The term, “getting on my nerves” refers to someone or something that’s really bugging you. Well, nerve pain can certainly bug you, and in fact can interrupt your daily activities and keep you from doing the things you love. Luckily, there are ways to manage nerve pain -- from massage to exercise to a nice warm bath – but there’s one way you can avoid it all together, and that’s staying clear of the things that may trigger it in the first place.
The causes of nerve pain are many, so nerve pain triggers will be different for everyone. Knowing what’s behind your symptoms, however, will help you to identify things you should avoid. Some common nerve pain triggers include:
Diabetes and other underlying diseases. If you have a condition associated with nerve damage, managing the underlying problem will in turn help diminish accompanying symptoms.
Alcohol. Excessive drinking can lead to vitamin deficiencies because of poor food choices. Avoid alcohol to avoid nerve pain.
Toxins. Substances that contain heavy metals or chemicals can trigger nerve pain. Steer clear of exposure to these!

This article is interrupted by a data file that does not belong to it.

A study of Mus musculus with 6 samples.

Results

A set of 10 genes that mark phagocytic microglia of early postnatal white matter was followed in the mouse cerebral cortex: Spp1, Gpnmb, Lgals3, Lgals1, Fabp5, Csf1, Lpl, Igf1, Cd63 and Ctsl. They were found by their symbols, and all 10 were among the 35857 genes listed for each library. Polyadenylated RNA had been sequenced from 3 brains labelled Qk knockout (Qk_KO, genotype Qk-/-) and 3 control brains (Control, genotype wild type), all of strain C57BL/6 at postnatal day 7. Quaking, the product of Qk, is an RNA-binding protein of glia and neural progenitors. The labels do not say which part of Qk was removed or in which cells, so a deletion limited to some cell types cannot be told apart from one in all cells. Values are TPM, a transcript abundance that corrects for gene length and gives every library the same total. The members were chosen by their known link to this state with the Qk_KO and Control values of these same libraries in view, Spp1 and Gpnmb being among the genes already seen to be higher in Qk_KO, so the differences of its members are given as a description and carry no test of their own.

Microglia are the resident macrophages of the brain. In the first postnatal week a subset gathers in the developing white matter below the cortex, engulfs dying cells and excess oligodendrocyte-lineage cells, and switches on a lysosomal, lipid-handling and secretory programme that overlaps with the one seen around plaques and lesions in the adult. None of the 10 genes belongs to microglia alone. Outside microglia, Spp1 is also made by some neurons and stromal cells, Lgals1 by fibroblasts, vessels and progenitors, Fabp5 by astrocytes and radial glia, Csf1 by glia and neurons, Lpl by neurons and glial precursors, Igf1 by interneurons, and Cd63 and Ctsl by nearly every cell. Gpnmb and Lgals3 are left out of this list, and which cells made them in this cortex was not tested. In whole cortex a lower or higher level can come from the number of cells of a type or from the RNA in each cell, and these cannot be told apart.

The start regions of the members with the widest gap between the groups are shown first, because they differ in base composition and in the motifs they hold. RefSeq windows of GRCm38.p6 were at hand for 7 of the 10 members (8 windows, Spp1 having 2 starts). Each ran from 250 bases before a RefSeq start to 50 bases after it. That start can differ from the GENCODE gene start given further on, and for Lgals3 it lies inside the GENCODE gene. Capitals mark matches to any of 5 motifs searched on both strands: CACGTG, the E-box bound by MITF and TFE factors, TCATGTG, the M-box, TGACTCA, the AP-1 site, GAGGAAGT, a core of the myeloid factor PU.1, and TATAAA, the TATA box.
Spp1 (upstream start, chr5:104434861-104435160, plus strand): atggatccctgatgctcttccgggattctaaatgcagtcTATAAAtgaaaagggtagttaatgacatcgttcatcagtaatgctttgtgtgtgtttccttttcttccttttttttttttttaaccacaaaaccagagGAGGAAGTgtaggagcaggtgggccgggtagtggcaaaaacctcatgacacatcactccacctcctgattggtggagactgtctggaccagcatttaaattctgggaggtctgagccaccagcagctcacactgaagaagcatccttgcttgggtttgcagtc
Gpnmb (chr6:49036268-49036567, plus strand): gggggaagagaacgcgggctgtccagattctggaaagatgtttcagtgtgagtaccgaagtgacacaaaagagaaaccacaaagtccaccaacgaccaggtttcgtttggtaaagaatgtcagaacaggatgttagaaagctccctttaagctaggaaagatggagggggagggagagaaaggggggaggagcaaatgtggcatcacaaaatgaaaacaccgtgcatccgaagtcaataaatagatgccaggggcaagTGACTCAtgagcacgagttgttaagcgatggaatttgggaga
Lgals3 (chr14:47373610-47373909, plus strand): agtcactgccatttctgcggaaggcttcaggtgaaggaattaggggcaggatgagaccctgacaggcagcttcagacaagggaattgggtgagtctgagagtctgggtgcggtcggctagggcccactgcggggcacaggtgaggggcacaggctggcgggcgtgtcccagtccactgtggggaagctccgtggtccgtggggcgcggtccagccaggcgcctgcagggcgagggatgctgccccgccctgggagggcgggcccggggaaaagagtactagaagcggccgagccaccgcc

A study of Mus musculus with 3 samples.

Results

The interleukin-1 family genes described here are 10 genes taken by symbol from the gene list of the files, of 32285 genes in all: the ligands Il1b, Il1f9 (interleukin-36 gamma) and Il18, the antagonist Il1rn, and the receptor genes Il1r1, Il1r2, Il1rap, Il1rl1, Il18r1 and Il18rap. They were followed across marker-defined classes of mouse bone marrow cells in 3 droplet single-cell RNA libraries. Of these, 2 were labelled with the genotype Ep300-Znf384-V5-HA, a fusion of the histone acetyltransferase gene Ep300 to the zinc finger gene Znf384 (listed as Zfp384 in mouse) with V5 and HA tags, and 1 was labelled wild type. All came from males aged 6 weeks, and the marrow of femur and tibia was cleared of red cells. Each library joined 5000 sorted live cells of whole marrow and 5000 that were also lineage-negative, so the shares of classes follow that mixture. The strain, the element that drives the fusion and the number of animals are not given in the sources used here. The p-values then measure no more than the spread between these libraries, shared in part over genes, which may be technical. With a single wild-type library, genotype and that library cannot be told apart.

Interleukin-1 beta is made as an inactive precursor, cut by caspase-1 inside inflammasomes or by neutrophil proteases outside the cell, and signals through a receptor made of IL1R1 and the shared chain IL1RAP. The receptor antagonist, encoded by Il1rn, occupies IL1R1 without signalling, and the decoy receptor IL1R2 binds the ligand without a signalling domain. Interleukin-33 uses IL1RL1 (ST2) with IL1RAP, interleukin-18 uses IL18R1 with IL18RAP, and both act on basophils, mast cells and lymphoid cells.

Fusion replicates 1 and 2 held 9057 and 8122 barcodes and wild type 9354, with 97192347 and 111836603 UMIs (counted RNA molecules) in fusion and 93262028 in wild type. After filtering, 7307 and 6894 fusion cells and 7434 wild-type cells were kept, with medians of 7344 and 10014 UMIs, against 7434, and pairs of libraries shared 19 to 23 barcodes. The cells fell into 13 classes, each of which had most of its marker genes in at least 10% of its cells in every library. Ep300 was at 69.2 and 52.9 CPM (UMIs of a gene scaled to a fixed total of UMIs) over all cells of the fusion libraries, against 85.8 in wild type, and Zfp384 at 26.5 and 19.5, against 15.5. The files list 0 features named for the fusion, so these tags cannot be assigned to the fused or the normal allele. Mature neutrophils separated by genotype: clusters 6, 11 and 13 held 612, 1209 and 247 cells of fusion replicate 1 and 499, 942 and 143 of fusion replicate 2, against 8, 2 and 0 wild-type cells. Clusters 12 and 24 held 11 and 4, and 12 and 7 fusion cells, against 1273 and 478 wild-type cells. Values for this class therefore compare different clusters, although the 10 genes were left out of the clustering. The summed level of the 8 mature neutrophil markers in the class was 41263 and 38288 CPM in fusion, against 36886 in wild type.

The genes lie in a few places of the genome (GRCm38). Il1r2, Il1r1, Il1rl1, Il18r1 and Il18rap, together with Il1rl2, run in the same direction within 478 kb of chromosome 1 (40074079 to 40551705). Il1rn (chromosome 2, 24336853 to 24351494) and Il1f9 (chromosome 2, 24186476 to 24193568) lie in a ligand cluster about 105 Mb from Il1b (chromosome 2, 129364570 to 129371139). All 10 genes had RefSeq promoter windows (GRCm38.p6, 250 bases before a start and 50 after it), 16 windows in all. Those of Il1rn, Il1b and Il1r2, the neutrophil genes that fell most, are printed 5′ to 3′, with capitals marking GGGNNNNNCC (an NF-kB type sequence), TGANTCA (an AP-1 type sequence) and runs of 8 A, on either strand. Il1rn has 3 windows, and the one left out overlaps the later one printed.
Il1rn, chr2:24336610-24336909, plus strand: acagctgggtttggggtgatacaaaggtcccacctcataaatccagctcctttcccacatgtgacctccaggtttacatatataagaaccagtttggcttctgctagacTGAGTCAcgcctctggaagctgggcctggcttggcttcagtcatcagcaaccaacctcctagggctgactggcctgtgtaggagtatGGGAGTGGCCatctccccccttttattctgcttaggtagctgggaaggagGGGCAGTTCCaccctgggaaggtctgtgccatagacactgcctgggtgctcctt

Certain medications. Always check with your doctor to ensure your medications are nerve-friendly! In some cases, like with chemotherapy, this can’t be helped, but it doesn’t hurt to look into all your options.
Infections. While you can’t always prevent infections, you can take steps to improve your chances of getting one. Practicing good hygiene is a great start!
Pressure. Wearing tight shoes, crossing your legs, repeating the same motion – these behaviors can all put pressure on nerves. Be sure footwear fits properly and take breaks from activities and positions.
Vitamin Deficiencies. Eat a well-balanced diet and take a daily vitamin supplement to ensure your body – and your nerves! – are getting all the nutrients needed to be healthy.
If you keep these nerve pain triggers in mind, you could very well eliminate it from your life, and never let it “get on your nerves” again! Find out more by requesting our free educational materials on nerve pain, or by calling our Austin, TX office at (512) 328-8900.